April 09, 2001|Mike Penner

Softly, the sound of muted horns floated in the background. Piano keys tinkled, orchestral strings lilted. Cameras zoomed in on the pink azaleas rustling in the Georgia breeze, on the water gently rippling in the creek. From inside the wood-lined cabin, its hues dark and warm, solemn voices whispered.

So soothing.

So calming.

So . . .



Or the Consecutive Slam.

Or the Simultaneous Slam.

Or the Tiger Slam.

Or the Play It Again Slam.

Or the Slam I Am I Do Not Like Green Eggs And Slam.

Although not quite the Calendar Slam, the 2001 equivalent of the Bobby Jones Slam.

Something important was happening Sunday on CBS, since its fired-up crew of golf announcers kept reminding us, in hushed tones, that history was at hand and that history was on the march--and, if that's really the case, doesn't that actually mean that history is on foot?

"It's vibrating, it's vibrating," Dick Enberg told Jim Nantz in front of potted plants and overflowing flower arrangements, the rough inside the Butler Cabin at Augusta National Golf Club.

"When you think about the history we're talking about and the fact that there are men [among the leaders] who are the best players not to have won the major, Mickelson and Duvall, who are looking for the green jacket. And now they go to the second nine. Can Tiger Woods accomplish something that has never been achieved in the history of this game--four major professional titles at the same time?"

Which is a fine way to try to stir interest in the final round of the Masters, except Jones already won a Grand Slam in 1930, although the four legs were different then. Jones didn't win the Masters in 1930 because there wasn't a Masters in 1930. Not his fault; Jones hadn't invented it yet. Still, he won the four biggest tournaments available to him then, and he did it in the same calendar year--which is more than Woods has done, at least to this point.

Some golf historians would prefer to wait five more months and three more majors before moving Woods onto the same pedestal as Jones. Not CBS. For CBS and Woods, Sunday was moving day. Caught up in the frenzy, or as much of it as Masters officials would permit, CBS laid down the ground rules as soon as it picked up the action, with the leader on the sixth hole: Tiger, you do the glistening, we'll do the christening.

Saturday, before the adrenaline started flowing, CBS looked at the matter from a relatively detached point of view. Nantz alluded to "the debate" over whether Tiger winning this tournament would constitute a Grand Slam or not, since three of the four victories would have occurred in 2000. CBS posed the question on camera to several golfers. Greg Norman said it would be a Grand Slam, Tom Lehman said he wasn't sure, Fred Couples said, "Obviously, it would not be in the same year . . . but in my opinion, it would count."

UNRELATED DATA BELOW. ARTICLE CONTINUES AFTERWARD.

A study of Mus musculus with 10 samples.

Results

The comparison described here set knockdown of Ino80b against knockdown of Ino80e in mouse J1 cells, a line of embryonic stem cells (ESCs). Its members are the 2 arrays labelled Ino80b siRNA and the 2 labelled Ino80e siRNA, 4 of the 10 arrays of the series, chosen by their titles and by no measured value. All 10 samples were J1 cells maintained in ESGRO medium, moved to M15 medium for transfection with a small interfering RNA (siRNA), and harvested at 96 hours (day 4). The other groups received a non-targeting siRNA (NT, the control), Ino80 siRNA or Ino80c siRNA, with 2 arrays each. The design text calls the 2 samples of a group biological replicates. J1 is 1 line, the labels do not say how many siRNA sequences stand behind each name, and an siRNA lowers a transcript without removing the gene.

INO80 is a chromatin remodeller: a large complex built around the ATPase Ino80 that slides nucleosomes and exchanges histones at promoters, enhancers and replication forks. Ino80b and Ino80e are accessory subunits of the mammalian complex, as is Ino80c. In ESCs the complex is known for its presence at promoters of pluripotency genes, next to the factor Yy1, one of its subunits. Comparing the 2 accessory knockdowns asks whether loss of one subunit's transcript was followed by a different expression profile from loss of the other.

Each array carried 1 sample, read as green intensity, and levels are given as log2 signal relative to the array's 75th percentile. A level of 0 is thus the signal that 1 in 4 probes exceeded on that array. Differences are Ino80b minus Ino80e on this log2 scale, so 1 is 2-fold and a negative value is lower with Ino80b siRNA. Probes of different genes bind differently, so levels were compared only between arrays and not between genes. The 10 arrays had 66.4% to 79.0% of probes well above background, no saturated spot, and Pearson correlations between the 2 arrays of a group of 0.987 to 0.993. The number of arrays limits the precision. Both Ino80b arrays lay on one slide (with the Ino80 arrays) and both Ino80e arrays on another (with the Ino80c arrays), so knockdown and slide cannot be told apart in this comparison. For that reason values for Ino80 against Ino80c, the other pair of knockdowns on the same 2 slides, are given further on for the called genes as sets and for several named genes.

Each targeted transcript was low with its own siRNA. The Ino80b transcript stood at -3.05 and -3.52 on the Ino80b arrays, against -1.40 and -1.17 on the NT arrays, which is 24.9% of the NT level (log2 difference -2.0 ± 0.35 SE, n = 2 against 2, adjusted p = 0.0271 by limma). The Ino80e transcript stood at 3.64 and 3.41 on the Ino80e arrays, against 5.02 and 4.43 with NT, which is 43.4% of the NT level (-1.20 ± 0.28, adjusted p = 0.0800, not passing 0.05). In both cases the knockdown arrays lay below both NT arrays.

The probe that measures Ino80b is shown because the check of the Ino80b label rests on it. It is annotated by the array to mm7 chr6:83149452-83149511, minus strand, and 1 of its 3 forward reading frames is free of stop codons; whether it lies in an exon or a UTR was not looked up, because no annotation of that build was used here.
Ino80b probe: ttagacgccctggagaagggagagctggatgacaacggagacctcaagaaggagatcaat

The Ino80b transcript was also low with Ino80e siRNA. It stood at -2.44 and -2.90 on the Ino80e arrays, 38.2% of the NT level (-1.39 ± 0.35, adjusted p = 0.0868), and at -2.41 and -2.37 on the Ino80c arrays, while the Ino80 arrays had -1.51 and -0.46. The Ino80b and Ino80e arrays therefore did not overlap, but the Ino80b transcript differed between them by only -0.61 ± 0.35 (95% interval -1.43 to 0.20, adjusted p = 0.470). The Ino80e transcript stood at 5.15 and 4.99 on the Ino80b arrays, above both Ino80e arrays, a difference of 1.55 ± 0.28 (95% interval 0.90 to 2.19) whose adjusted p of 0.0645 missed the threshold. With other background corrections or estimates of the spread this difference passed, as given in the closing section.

Nantz, seeking a compromise solution, then wondered, "What's wrong with calling it the Tiger Slam?"

Nothing about that debate changed during the next 24 hours, except that Tiger winning the 2001 Masters moved from the abstract to the concrete.

As soon as Woods sank his birdie putt on 18 and pumped his clenched fist in the air, CBS declared the debate over.

"There it is!" Nantz proclaimed. "As good as it gets! Tiger has his Slam!"

Added Ken Venturi: "Something I never dreamt that I would ever see, or anyone could ever do. I think that's the greatest feat I've ever known in all of sports."

Nantz, a few moments later: "An historic day. And again it belongs to Tiger."

Venturi: "I thought I'd never see this. I thought owning three, like [Ben] Hogan did at that time, was unbelievable. But owning all four, at the same time, I'm just amazed. One of the greatest feats I've ever seen."

Nantz: "Again, this is a young man who is only 25. Not even in what is considered to be the prime in a golf professional's career. And someone who as a youngster grew up with an encyclopedic memory of all of Jack Nicklaus' accomplishments. And now he has done something . . . that even the great Jack Nicklaus never accomplished."

Venturi: "Nor could anyone before him."

Not counting Jones and 1930. Or as Nantz intoned during an opening montage that took away even more golf action from the television viewer: "Through the tapestry of time, a champion is now poised to link his achievements with Jones' most hallowed record: the Grand Slam."

When it was over, when Woods had finished off the first major championship of 2001 after winning the last three major championships of 2000, Venturi announced, "We just witnessed a miracle."

Yes, we did--a grand slam that might not have been a grand slam suddenly becoming a grand slam, right before our very eyes.

"And there's more to come," Nantz said. "That's the only thing you can think."

Meaning that if Woods wins the British Open and the U.S. Open and the PGA Championship this summer, we can do this all over again.

The Grand Slam is complete, bring on the Grand Slam.